The Bible for any bike trip in Japan is the guidebook “Touring Wave” by Shobunsha Publications. With detailed info on hot springs, campgrounds and roadways, this treasure chest of touring info allows you to enjoy exploring the unknown with just a map in your hand.
Miho, my trusty sidekick, and I had turned to the page describing the route from Kagoshima to Kumamoto and had run across the description of Tsunagi Hot Springs having “views from the outdoor baths of the Shiranuikai Sea.”
Our trip thus far had provided daily sightings of the cherry blossoms in bloom; however, upon landing on Kyushu we found the buds still hardened themselves against cold gusts of wind. The flickering of hibernating flower petals would soon herald the awakening of spring.
We put power to the pedals and pushed on with thoughts of Tsunagi’s ocean scenery and hanami (cherry blossom viewing) in our minds.
Unfortunately, as we approached the hot spring no lights welcomed our arrival; the onsen was closed for the day. It’s bound to happen when traveling by map, and we had almost given up on our stay at Tsunagi when one of the cleaning ladies passed by.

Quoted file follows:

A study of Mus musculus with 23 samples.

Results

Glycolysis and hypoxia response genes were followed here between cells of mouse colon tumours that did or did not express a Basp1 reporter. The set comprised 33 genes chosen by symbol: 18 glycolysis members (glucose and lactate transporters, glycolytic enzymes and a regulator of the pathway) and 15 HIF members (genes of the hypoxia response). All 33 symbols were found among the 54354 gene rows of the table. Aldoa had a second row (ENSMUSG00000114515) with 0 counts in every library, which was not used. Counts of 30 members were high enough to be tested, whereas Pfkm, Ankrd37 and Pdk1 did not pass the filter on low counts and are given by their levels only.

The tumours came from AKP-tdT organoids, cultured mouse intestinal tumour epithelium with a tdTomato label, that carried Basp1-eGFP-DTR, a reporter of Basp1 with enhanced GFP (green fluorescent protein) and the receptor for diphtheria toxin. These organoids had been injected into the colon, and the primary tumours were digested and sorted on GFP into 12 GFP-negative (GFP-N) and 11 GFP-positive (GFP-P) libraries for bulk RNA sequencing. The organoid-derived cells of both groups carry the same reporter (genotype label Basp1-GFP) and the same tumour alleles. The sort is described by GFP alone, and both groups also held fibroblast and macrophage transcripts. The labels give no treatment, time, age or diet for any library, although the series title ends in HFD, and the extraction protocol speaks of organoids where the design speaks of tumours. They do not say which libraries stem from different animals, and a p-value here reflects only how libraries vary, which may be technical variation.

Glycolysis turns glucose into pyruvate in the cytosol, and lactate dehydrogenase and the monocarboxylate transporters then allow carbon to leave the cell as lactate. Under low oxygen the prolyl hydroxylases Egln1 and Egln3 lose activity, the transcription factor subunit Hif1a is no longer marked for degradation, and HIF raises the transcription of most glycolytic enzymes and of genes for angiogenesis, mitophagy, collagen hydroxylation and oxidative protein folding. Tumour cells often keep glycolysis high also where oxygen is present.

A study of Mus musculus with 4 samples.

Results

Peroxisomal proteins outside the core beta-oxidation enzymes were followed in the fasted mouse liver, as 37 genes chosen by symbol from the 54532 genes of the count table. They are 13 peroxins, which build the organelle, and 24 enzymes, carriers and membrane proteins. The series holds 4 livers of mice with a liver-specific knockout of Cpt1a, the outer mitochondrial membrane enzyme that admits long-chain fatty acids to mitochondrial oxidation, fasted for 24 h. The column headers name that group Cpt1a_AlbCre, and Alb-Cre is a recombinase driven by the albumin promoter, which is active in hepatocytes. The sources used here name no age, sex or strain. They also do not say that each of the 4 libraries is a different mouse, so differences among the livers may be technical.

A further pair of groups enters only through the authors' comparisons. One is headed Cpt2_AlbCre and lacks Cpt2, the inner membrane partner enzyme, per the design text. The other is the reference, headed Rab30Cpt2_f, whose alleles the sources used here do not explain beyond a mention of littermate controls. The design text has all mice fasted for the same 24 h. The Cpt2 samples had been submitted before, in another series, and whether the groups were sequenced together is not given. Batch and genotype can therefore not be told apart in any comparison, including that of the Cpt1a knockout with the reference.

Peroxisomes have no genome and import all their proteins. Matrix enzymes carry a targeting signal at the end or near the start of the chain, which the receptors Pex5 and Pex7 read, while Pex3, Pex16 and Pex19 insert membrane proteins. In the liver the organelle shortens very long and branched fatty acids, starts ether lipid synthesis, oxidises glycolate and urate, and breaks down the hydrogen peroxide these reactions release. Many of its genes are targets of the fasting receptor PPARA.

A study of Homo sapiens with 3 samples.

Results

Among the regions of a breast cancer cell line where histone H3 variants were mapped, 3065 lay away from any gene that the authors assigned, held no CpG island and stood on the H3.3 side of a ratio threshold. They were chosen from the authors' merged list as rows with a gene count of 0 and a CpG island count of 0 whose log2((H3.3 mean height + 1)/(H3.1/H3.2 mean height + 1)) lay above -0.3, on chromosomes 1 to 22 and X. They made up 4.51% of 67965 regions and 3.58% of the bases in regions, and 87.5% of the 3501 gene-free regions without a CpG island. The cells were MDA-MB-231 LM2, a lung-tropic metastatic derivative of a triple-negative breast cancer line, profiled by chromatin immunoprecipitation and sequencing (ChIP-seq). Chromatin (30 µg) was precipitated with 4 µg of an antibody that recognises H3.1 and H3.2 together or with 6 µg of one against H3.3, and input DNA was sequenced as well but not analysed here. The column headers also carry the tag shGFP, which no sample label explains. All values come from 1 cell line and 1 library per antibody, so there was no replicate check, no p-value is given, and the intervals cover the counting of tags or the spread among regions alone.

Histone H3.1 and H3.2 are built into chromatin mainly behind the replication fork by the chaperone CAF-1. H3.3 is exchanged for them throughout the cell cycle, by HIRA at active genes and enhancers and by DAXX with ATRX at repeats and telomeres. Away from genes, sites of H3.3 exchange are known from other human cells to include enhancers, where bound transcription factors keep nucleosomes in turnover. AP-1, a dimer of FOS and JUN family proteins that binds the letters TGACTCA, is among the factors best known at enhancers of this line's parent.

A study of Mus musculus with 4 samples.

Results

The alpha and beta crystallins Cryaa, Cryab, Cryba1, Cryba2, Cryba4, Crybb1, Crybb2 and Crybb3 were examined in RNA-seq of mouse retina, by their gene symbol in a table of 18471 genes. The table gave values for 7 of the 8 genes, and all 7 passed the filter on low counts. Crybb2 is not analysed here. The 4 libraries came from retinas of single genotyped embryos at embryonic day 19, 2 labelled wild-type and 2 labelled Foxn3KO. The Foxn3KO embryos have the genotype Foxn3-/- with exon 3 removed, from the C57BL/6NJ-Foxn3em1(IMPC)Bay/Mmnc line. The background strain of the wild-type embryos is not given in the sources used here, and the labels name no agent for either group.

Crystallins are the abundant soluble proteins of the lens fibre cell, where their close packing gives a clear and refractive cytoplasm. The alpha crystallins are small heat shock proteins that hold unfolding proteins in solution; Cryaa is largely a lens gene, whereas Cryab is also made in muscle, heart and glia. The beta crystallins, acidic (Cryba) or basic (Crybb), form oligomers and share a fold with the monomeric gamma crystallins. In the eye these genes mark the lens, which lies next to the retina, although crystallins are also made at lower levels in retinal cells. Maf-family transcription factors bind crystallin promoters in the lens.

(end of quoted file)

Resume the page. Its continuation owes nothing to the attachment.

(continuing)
The sight of two sweat-drenched bikers stopped her in her tracks and, with no small amount of pity, she offered, “If it’s just a shower, I can let you in.” We took her up on her hospitality and washed in the empty bathhouse. Then we came upon a suitable grove of cherry trees behind a nearby souvenir shop.
The grass we found was perfect for hanami, and with the kind permission from the shop owners, we pitched our tent in front of the trees.
Of course, to enjoy hanami properly you’ve got to have something to drink, so we raced over the hill in search of a liquor store. The hospitable store owner threw in some towels emblazoned with the store name as thanks for the copious amounts of beer we bought.
As we made our way back to camp, the sun was slowly passing below the horizon and, upon arriving at the cherry trees, we were delighted to see them lit up for the evening. A quaint and aged stone bridge nearby arched across the cobblestone riverbed, the scene glowing in the orange lights.
An image of a scholar from the Meiji Era dressed in his hakama (Japanese formal attire for men) walking across the bridge came to mind as if it were a picture in sepia tones—truly a magical scene.
Our private hanami was possible because the hot spring was closed for the day. Although we were not able to enjoy the soothing baths, the kindness of many townspeople marked the day. As the beer began to take affect, we climbed into the tent and gazed at the silhouettes of flower petals as they danced upon the tent.
Surrounded by these enormous cherry trees, we thought about how we were gazing on the same sakura as many generations before us as we drifted off into the world of dreams.